Queensland’s Parliament has passed new laws that could see strata tenants banned from smoking outdoors.
The legislation also includes protections for pet owners. It banns owners of townhouses or units from creating blanket bans on pets.
Here’s what’s changing.
The QLD Government has passed a raft of residential reforms for tenants and landlords of ‘lots’ where there are two or more properties. These lots typically include shared spaces such as lifts or carparks.
The new laws increase the powers for bodies corporate, who are the groups of owners of multi-property buildings. External strata companies coordinate with the body corporate to organise maintenance and repairs.
New smoking laws
The new laws mean a building’s body corporate will have the power to ban residents from smoking in common and outdoor areas. Landlords need to approve a ban.
This could ban cigarette and vape use on balconies, patios and verandahs. The ban can’t include the indoor area of a home. Specific provisions protecting residents from second-hand smoke also apply.
The law adds a framework for pets in multi-property lots. It could prevent automatic restrictions on how many or what type of pet a tenant can own.
A building cannot reject an application without a reason that meets specific criteria. The criteria includes if there is another tenant in the lot who has a severe allergy.
Owners will also be asked to consider adding special conditions to accommodate pets and tenants, such as requirements for pets to be on a lead in some areas.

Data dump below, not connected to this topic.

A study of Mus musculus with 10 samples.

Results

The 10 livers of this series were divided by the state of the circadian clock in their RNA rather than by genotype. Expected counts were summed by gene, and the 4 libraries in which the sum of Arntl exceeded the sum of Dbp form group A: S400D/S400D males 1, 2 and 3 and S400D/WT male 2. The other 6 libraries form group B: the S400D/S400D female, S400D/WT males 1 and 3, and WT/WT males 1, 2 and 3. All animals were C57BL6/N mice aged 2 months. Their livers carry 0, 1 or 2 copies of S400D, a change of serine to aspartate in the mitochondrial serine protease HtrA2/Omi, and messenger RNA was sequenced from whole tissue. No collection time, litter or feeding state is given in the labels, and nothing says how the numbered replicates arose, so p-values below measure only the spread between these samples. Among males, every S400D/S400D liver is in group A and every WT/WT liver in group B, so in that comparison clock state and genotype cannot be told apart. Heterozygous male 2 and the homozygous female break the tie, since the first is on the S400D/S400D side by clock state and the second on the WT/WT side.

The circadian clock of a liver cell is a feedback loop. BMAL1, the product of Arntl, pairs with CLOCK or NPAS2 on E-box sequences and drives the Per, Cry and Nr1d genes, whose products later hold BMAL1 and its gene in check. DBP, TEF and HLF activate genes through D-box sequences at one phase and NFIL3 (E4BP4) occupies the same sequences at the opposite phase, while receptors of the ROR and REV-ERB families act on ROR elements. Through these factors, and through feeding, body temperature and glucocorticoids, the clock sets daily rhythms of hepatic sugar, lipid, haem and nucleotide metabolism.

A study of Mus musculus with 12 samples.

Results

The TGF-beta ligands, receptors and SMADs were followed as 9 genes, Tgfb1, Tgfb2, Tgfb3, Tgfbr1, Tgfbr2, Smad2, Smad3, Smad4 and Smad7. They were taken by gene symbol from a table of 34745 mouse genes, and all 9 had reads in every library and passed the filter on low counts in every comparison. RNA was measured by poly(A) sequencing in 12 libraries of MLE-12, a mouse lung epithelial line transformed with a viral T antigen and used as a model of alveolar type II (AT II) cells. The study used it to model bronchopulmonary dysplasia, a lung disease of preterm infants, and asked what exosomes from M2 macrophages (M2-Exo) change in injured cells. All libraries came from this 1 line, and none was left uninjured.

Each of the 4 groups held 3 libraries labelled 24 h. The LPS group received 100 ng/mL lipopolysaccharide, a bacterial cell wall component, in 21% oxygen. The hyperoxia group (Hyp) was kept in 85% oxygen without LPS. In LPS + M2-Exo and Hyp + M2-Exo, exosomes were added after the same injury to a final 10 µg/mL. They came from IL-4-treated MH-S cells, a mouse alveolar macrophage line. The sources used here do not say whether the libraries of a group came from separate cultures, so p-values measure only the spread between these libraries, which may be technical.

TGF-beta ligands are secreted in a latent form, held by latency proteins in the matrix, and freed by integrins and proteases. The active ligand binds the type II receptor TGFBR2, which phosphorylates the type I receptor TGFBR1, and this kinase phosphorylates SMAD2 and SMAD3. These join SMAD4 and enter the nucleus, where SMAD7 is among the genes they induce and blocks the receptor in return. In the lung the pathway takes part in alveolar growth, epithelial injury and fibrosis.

Home buyer support
The laws include measures to improve certainty for buyers during the purchase of a property, including making it harder for developers to terminate a contract. Under the changes, a buyer or a court must provide consent before a contract is terminated (with the exception of some ‘extraordinary’ situations).
The legislation will also make it easier for a group of owners to collectively sell property lots. For a sale to progress, 100% of landowners need to support it. This will now reduce to a 75% majority if the sale is for economic reasons.
Members of the Liberal-National Opposition and Greens opposed lowering the threshold for the collective sale of a lot.
There was concern that this measure would lead to excessive property development, which would slow housing supply and exacerbate housing insecurity.
The legislation was passed with the support of the Labor Government, which has a majority of seats in QLD’s one house of Parliament.